Heritage Florida Jewish News - Central Florida's Independent Jewish Voice

By Christine DeSouza
Assistant Editor 

Harriett's Closet Warehouse sale of the century, Nov. 7 - 21


Harriett Lake in various ensembles over the years, with her large glasses and without; and even a fur-lined jacket, sans hat.

When Harriett Lake arrives at an event, everyone in the room knows. In her fashionista style, she is (Hello) Dolly Levi, Cher, Lady Gaga and Elton John all rolled into one. From the top of her hat-covered head to the tips of her designer shoe-clad toes, she is always impeccably dressed "to a (second) t"-like her name. In fact, the only thing that tops her fashionable wardrobe is her extremely generous spirit. Both she and her late husband, Hy, have given financially to many Jewish organizations, including Kinneret, JFS Orlando, and the Holocaust Center, as well as the Orlando ballet, the Orlando Shakespeare Theater and the new Dr. Phillips Center for the Performing Arts.

Now 92 years old, Harriett has decided it is time to part with many of her beloved ensembles and accessories and give the proceeds to The Orlando Ballet and a boutique for cancer survivors at the MD Anderson Cancer Center.

"I have a new outlook on life... or death," said the always straight-forward nonagenarian. "I'm not going to be around and the clothes are just hanging there."

Hanging there in her Closet. The famous Closet. Back in the 1990s, Harriett graciously opened her Closet to Rishona-Masada Haddassah for their annual Beautiful Tour of Homes fundraiser. The Closet was the talk of the town-900-square-feet with a 10-foot ceiling that housed a conveyor rack that would be the envy of any dry-cleaning establishment.

Alas, Harriett eventually outgrew the Closet and converted her 4-car garage into a pink-carpeted closet that housed 4,500 hanging items, 1,600 hats and more than 450 pairs of shoes.

"When I started to put things into the bathtub, that's when Shelley [her daughter] said it's time for a warehouse," Harriett quipped.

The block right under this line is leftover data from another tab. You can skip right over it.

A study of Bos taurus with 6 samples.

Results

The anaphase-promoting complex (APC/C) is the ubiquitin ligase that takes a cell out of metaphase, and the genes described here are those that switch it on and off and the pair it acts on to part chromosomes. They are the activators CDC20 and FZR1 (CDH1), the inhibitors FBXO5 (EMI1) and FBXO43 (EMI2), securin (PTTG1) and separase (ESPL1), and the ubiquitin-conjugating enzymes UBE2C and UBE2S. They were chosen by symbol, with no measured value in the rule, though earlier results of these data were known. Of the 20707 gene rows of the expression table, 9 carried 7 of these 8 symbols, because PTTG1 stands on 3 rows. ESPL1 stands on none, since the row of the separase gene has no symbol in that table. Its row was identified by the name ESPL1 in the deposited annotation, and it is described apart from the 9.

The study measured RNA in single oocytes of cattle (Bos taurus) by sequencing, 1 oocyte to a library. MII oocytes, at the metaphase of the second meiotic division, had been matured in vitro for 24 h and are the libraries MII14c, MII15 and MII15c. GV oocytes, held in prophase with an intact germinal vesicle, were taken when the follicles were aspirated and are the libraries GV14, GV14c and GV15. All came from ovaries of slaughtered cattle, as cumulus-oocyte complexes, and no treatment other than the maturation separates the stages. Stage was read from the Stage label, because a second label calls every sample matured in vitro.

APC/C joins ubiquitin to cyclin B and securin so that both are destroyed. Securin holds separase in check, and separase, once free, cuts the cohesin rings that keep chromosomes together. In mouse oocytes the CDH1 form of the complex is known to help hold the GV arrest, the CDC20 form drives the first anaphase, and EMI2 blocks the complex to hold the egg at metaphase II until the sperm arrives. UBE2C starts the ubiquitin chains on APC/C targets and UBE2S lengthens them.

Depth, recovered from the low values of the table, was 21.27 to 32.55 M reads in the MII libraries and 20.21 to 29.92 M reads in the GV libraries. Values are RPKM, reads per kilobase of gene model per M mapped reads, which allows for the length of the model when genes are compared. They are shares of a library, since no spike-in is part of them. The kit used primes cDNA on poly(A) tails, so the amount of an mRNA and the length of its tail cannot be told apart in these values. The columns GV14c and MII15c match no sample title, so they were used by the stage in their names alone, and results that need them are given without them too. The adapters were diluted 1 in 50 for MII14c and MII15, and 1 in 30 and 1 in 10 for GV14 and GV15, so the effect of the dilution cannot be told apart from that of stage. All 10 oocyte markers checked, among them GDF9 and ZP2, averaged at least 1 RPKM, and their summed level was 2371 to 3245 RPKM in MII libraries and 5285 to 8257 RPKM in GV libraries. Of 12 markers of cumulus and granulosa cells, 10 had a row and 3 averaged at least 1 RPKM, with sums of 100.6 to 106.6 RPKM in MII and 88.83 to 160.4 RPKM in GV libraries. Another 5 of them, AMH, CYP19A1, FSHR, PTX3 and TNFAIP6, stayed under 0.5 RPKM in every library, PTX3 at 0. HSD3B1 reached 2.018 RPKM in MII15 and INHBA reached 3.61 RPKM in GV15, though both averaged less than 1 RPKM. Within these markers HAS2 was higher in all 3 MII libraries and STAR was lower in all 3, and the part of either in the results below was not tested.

Shelley Lake bought the warehouse at 902 Waterway Place, Longwood, in the Big Tree Industrial Park and it is here where Harriett's Closet Sale will be held. There are 4,000 hanging items, hundreds of hats, scarves, jewelry and shoes featuring labels from Bill Blass, Chanel, Escada, Feraud, Oscar de la Renta and Victor Costa, as well as items from Target, Banana Republic and Ross-with prices from $5 to "priceless."

"The items are mostly one-size fits all, from casual to glamorous gowns dating from the 1960s on up," said Harriett.

Growing up in Lebanon, Pa., Harriett was a child of the Great Depression. She often wore hand-me-downs from neighbors who lived across the street.

"It was my first contact with quality clothes," said Harriett. "The two girls' grandmother ran a Red Light District and she would buy high-style clothes from New York every season-fur coats, grey flannel suits. I mean they were drop-dead-call-out-the-cops gorgeous these clothes. So between the Depression and hand-me-downs I was finding beautiful things to wear!"

Harriett freely admits she is addicted to clothes, and highly recommends shopping as the way to beat depression.

"It's a good thing you married Hy," this reporter said to her.

(Laughing) Harriett answered, "Yes, I moved to Miami in 1948 searching for a husband. I found him. He was so poor I almost didn't marry him. But you just never know what tomorrow will bring. Life's an adventure."

Harriett's Closet Warehouse Sale presented by Tuni on Park Avenue and her team will hold a grand opening on Nov. 7 from 3 - 9 p.m. and will then be open from 11 a.m. - 7 p.m. every day except Mondays. Couvert $10.